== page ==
Dir: Georgi Kropachyov, Konstantin Yershov, Alexander Ptushko
"And straightway the father of the child cried out, and said with tears, Lord, I believe; help thou mine unbelief." King James Bible - MARK 9: 24
Some stories never go out of style. Some tales can be relevant for ages. Some legends just stay with us. It may be marked by some inkling of truth and a very powerful message about the human condition. Faith will always be a part of the human condition, and the struggle between good and evil isn't going anywhere anytime soon.
The film Viy is about this very matter, faith and the struggle between good and evil and what happens when one's faith is put to the test. Based on an 1835 Ukranian folk tale published as a short story by Nikolai Gogol, the film tales the story of a young priest named Khoma Brutus (translated Thomas Brutus), who is on leave from seminary. He and some other students all leave in a big group to go out into the villages and return to their respective homes, but three get separated. So Khoma, Khaliava, and Gorobets soon find themselves out in the countryside alone, when they come across an isolated farmhouse. They go there to seek shelter for the night, when a reluctant old woman puts them up for a night. She then separates them to different sleeping areas, and leaves Khoma in the barn. Later that night, the old woman goes into the barn awakening him, and at first Khoma thinks the old woman is just attempting to seduce him, that is until he sees that something is far more wrong with her than sexual advances. She wants to get on his back and ride him like a beast of burden, which eventually through some enchantment, she does. The witch rides Khoma all over the countryside even flying above the ground, and when he is released from her spell, he beats her, only to witness her transformation into a beautiful young woman. Startled, he flees for his life, and returns to the Monastery.
Upon arrival, Khoma is soon told by the dean that the daughter of a rich Cossack has returned home beaten near to death, and is requesting for Khoma specifically to perform a vigil over her corpse for three nights after she dies. A bunch of cossacks are there to escort him, and to make sure he arrives in the village and does as promised, all Khoma wants is to go home. A short stop over at an inn with his escorts gets him drunk enough to brave the ride into the village. By the time they arrive, they learn the young woman has died. Khoma visits her the next day and her father begins to question him and his association with his daughter. Khoma is told, per her request to pray for her salvation for three nights and he will be richly rewarded. That day, they lay her body in an open coffin in a dank empty church, where he is to go and pray for her. The local Cossacks begin to tell Khoma of a huntsman who was fell in love with the girl. They tell a tale that sounds all too familiar to Khoma, about her riding on the huntsman's back. That night they lock Khoma in the church with the body, and as they say, the horror begins.
Khoma's first night is spent in fervent prayer, as he sets up candles around the church, with peering Rublev-esque icon paintings surrounding him. This doesn't stop the body of the woman to be creep out of her open coffin, as she heads to Khoma. Khoma draws a chalk circle around him and again prays for the lord's holy protection from such a clearly demonic spirit of evil. The witch disappears when the cock crows. Khoma does indeed survive his first night in the chamber, but after some borsch for breakfast and questioning from the village men about his night, he's reluctant to return with getting drunk on some vodka. Night two, the witch takes flight in her coffin and begins once again to break Khoma's faithful circle. She fails again, but not before casting a spell on Khoma that turns his hair white as snow. That day Khoma has pretty much lost it, as he takes to drink and dance. He goes to the rich cossack begging him for release from his duties. The cossack promises him one thousand lashes instead of one thousand pieces of gold if he fails to pray for his daughter. Khoma tries to flee for fear that he may not survive his final night. He may not have been wrong in that, as his third and final night turns out to be his most terrifying.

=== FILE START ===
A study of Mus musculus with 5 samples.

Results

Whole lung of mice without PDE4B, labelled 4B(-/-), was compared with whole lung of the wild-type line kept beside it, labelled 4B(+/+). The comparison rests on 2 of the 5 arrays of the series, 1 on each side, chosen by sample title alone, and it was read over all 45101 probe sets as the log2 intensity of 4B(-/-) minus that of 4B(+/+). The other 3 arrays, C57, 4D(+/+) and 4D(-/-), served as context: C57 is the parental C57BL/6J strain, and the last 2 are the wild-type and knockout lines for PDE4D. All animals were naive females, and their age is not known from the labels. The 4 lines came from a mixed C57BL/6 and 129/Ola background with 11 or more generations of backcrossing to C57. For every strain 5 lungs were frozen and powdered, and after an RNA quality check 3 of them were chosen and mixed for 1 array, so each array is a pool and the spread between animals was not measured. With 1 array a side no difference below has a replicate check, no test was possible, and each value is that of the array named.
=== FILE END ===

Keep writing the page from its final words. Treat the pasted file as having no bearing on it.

"Viy" is a witty and simplistic horror film that weaves its tale with simple suspense and a minimalist charming style. The film has a very gothic Hammer Studios-esque veneer. The filmmakers utilize very practical in-camera special effects. The gloomy but crisp analagous cinematography adds to set pieces, the actors all play their parts without a hitch, and the imagery of barnyard animals in all their noisy glory throughout the film lends to the toning down of the horror and suspense. What is "Viy" really trying to say? I believe it is about faith. The fact that this character is named Thomas can not be a coincidence, as we all know that the disciple/ apostle Thomas was remembered as being the one who doubted the appearance of the resurrected Jesus. The very idea that the town knows full well of this witch, and puts the student priest in the thick of danger is a testament of our own walks in faith. Notice the church was dank and desolate with cold candles, gloomy paintings of the dead saints, and no sign of any having been there for worship. The church was dead and Khoma's faith may have been as well. Whether Gogol was making a statement about the Russian church in his times, is up to the reader. This is a rare horror film from the once fully communist U.S.S.R., who sternly frowned upon such stories and this one actually marks the very first Russian horror film. The filmmakers were able to push it through because of its humourous take on the folktale and legendary Russian fantasy director, Alexander Ptushko, I'm sure put his visionary stamp on it besides contributing to the screenplay.